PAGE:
Sometimes an excellent operating system can be made even better
- Easy to use, network functionality a refreshing sight
- No wireless options, software is pretty basic
If you don't know how to plug your PC into your TV, but still want to, then this is the product for you!
Price$ 799.00 (AUD)
The Kenwood DVF-N7080 combines a simple DVD player with an Ethernet port, allowing it interface with your PC at home, and let you play your media collection on your big screen TV. Unfortunately, the Kenwood seems to be aimed at a bit of a dead zone in terms of target audience, as it fails to provide enough simplicity for beginners, but lacks the power to really satisfy advanced users. A relatively dear asking price will further alienate potential consumers.
Regardless, the Kenwood does have a couple of tricks up its sleeve. It's a slim unit, and generally looks pretty good. A minimal number of buttons flank the DVD tray and LED screen. The back panel's an equally simple affair, with composite, component, SCART and S-Video out. Optical and coaxial are available for audio output. Sitting amongst these plugs is a single Ethernet port - the Kenwood's big selling point.
Setting up the network was pretty easy. We grabbed a PC, plugged in an Ethernet cable, plugged the other end into the Kenwood, and installed the software. After a few minutes setting up the software, importing media files etc, we had our digital home video collection playing on a massive forty-two inch plasma display, our mp3 collection thumping out of our 5.1 surround sound speakers, and our collection of high-resolution digital photos blown up on the wall, courtesy of a projector. The applications for this kind of technology in a standard living room are quite extensive, and coupled with the right products, the Kenwood proves to be an excellent bridge between computers and audio visual entertainment.
The other aspects of the device are quite secondary to its media server functionality, but are well implemented and easy to use without impinging on the networked portion of the unit. DVD playback is simple and effective. Throw a disc in the tray, flick to DVD mode and you're set. Support is also provided for memory cards and image/music CDs, although we generally found that the media server functionality of the device was better suited to these tasks than the card reader and CD playback features. A basic and easily navigable interface ties these features together and rounds off operation of the Kenwood's non-networked functionality nicely.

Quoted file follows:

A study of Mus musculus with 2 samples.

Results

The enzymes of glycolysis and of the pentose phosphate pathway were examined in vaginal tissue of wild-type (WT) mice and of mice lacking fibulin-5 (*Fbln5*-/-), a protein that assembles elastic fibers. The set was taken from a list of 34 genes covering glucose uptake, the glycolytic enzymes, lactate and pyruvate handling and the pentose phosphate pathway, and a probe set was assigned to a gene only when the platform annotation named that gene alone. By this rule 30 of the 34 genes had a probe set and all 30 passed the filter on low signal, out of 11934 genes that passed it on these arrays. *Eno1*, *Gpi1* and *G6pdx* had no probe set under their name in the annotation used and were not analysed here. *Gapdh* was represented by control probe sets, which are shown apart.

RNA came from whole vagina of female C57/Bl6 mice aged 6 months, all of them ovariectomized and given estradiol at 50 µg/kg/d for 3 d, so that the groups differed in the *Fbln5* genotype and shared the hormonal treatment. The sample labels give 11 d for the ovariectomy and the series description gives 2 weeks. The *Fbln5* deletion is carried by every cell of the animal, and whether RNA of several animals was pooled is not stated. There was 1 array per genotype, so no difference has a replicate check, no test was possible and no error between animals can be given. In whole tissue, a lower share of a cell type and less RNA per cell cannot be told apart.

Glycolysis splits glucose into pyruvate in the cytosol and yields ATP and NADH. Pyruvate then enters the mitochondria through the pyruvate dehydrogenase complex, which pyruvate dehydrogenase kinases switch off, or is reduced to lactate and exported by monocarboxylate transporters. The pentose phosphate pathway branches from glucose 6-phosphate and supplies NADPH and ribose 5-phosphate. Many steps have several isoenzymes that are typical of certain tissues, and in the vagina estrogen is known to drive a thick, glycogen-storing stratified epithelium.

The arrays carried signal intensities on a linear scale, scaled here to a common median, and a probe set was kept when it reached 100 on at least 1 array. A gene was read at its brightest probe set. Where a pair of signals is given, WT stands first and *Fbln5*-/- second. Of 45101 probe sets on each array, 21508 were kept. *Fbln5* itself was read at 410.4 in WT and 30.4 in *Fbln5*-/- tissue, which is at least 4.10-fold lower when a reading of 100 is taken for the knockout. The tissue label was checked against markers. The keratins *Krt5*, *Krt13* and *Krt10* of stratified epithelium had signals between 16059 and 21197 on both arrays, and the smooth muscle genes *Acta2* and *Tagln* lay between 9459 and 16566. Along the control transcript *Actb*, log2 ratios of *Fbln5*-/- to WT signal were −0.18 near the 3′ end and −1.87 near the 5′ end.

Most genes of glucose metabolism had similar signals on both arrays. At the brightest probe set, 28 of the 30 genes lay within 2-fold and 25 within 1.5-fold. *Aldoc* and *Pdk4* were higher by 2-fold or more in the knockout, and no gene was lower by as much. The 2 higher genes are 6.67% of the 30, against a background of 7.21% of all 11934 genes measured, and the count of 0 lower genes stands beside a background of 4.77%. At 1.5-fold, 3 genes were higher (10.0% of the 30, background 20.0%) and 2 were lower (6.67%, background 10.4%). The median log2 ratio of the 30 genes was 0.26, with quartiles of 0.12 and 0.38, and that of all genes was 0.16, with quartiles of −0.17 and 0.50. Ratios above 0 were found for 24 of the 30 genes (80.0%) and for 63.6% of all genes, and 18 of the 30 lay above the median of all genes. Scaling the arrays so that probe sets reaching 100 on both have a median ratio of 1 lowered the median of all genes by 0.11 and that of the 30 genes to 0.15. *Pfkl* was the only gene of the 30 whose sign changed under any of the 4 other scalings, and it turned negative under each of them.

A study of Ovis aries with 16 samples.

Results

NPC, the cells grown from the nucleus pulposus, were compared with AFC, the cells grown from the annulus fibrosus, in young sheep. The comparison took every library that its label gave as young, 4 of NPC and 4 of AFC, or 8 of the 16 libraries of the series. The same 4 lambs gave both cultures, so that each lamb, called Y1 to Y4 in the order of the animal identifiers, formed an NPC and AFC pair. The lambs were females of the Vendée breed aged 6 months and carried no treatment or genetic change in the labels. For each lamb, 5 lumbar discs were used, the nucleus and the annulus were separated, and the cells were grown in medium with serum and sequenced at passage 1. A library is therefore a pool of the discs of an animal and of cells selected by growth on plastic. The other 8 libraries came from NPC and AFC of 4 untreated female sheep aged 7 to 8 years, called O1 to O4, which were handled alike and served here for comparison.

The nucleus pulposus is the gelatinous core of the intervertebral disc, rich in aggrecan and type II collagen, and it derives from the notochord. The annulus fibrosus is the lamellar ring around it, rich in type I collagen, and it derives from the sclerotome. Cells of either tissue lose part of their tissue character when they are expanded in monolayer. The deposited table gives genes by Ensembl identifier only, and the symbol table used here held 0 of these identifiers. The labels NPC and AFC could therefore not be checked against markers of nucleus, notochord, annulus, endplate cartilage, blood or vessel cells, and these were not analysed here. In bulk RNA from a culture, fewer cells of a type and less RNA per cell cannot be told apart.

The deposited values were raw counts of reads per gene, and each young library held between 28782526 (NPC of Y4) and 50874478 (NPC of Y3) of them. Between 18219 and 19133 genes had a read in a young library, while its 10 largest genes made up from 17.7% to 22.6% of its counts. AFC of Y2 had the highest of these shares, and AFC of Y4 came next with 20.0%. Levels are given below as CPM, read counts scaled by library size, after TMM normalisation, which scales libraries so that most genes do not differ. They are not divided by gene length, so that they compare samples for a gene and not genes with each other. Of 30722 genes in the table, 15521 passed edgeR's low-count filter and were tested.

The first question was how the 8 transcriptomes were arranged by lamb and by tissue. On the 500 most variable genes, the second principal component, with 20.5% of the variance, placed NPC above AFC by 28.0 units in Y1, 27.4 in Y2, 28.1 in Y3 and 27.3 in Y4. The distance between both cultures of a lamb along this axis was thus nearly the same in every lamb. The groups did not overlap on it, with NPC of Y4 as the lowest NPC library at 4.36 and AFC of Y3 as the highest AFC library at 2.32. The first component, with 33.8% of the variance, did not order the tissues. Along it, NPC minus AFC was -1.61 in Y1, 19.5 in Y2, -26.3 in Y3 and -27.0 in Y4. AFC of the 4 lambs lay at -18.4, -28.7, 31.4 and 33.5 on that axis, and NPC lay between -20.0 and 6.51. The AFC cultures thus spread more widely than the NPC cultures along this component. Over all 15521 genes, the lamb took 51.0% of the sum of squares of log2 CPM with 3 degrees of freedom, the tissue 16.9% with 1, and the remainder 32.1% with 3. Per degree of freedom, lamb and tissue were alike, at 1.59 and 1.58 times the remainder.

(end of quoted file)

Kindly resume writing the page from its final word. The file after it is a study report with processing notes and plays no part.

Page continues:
However, we aren't totally full of praise and good words for the DVF-N7080. The lack of wireless options was the first thing that irked us, and unless your PC's positioning in relation to your home entertainment setup is perfect, then you're going to have an unsightly network cable running across your floor (you'll have to buy this yourself, by the way, and lengthy cables can cost a pretty penny). The included software was irritatingly basic, and we quickly found ourselves counting omissions and ways that it could be improved. Finally, the price tag really is quite high. The inclusion of a DVD player seems slightly unnecessary, and while it may satisfy those looking for a more complete entertainment package, the trade off is that users who already have a DVD player in their entertainment setup (and let's face it, that's a lot of people) are essentially paying for a component that they won't use.
At the end of the day though, here at the GoodGearGiude, we love our technology. We know a lot about it, and our exposure to it means that we have access to more specific, powerful, and tech-oriented products from companies like Zensonic. Still, to see a device like this from a mainstream brand like Kenwood is a very refreshing change. We aren't the average consumer, and we can generally find a lot to nitpick about. So yes, there are better units out there, but they also require a lot more knowledge and setting up. As a basic, bottom level media server, the Kenwood N7080 is a rousing success, and a great way to bring your PC into your living room, without actually, you know ... bringing it in.